CLAC Supports Front-line Grocery Store Workers by Saying No to Removing Holidays

Alexandria, ONThe Ontario government is suggesting it may remove six of the nine public holidays for the retail sector as early as this summer. The idea was leaked in a Toronto Star article on June 19 in which the newspaper reported that the province is considering an amendment to the Retail Business Holiday Act (RBHA) as a way to address the economic lag resulting from the COVID-19 pandemic.

CLAC, a union that represents more than 60,000 workers in Canada, says that this is a highly inappropriate way to stimulate the economy and unfairly puts the interests of retail owners before those of hard-working employees and their families.

Currently, the RBHA requires retail businesses to close on nine holidays: New Years Day, Family Day, Good Friday, Easter Sunday, Victoria Day, Canada Day, Labour Day, Thanksgiving Day, and Christmas Day. The amendment will form part of a two-year pilot program. Only Good Friday, Canada Day, and Christmas Day would be days on which businesses must remain closed. The proposal would come into effect immediately upon passage of a bill, which would likely be introduced sometime this summer.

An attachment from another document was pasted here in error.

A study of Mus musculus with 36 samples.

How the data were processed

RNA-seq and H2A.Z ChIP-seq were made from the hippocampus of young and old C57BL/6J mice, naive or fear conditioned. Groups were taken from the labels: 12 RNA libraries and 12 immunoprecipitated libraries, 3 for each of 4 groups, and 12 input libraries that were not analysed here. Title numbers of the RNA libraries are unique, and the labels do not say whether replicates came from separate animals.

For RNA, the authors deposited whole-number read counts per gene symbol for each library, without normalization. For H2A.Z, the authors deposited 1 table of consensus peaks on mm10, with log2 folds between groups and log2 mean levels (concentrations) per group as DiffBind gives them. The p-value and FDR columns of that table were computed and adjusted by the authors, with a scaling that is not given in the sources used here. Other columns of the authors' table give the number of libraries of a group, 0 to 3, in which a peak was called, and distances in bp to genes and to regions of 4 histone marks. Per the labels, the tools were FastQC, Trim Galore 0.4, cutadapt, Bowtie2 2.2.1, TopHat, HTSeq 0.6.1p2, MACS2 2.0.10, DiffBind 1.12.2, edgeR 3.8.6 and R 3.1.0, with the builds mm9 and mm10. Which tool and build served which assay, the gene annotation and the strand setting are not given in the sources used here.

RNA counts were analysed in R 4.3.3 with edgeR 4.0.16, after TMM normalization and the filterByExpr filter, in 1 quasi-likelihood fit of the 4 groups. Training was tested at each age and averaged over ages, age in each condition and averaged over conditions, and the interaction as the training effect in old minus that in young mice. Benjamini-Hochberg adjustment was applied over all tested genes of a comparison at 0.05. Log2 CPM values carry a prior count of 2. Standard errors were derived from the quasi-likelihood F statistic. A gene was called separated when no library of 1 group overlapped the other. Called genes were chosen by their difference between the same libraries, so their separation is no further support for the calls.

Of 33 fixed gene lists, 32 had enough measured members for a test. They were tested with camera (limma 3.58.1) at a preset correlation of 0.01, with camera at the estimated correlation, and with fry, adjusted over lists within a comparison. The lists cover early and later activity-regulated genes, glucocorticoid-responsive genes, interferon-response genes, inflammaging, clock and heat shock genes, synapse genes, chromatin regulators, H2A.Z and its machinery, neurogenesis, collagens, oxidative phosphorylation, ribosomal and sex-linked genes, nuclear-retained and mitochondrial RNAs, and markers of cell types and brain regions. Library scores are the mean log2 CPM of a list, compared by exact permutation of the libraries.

“Taking away our public holidays is a terrible idea,” says Mark Desjardins, a CLAC steward and long term employee at Chartrand’s Your Independent Grocer in Alexandria. “Since COVID started, we stepped up to serve the members of our community, and now the government is thanking us by taking away our public holidays. This feels like a punishment, and it will hurt the workers.” 

Chartrand’s employs over 80 CLAC members in Alexandria who have put themselves on the front lines in a community that, with no other grocery stores, depends on these workers to maintain the food supply chain.

“Retail grocery store workers have been at the forefront of the COVID-19 pandemic while grocery stores have done exceedingly well with boosted sales revenues,” says Jennifer Kennedy, CLAC representative. “It seems there are some who are trying to gain self-serving benefit from this crisis, and that does not serve the interests of the public.“ 

If the new bill passes, municipalities will have to start from scratch to create bylaws to be exempt from the new amendments. CLAC is committed to working with the Township of North Glengarry to craft a new bylaw.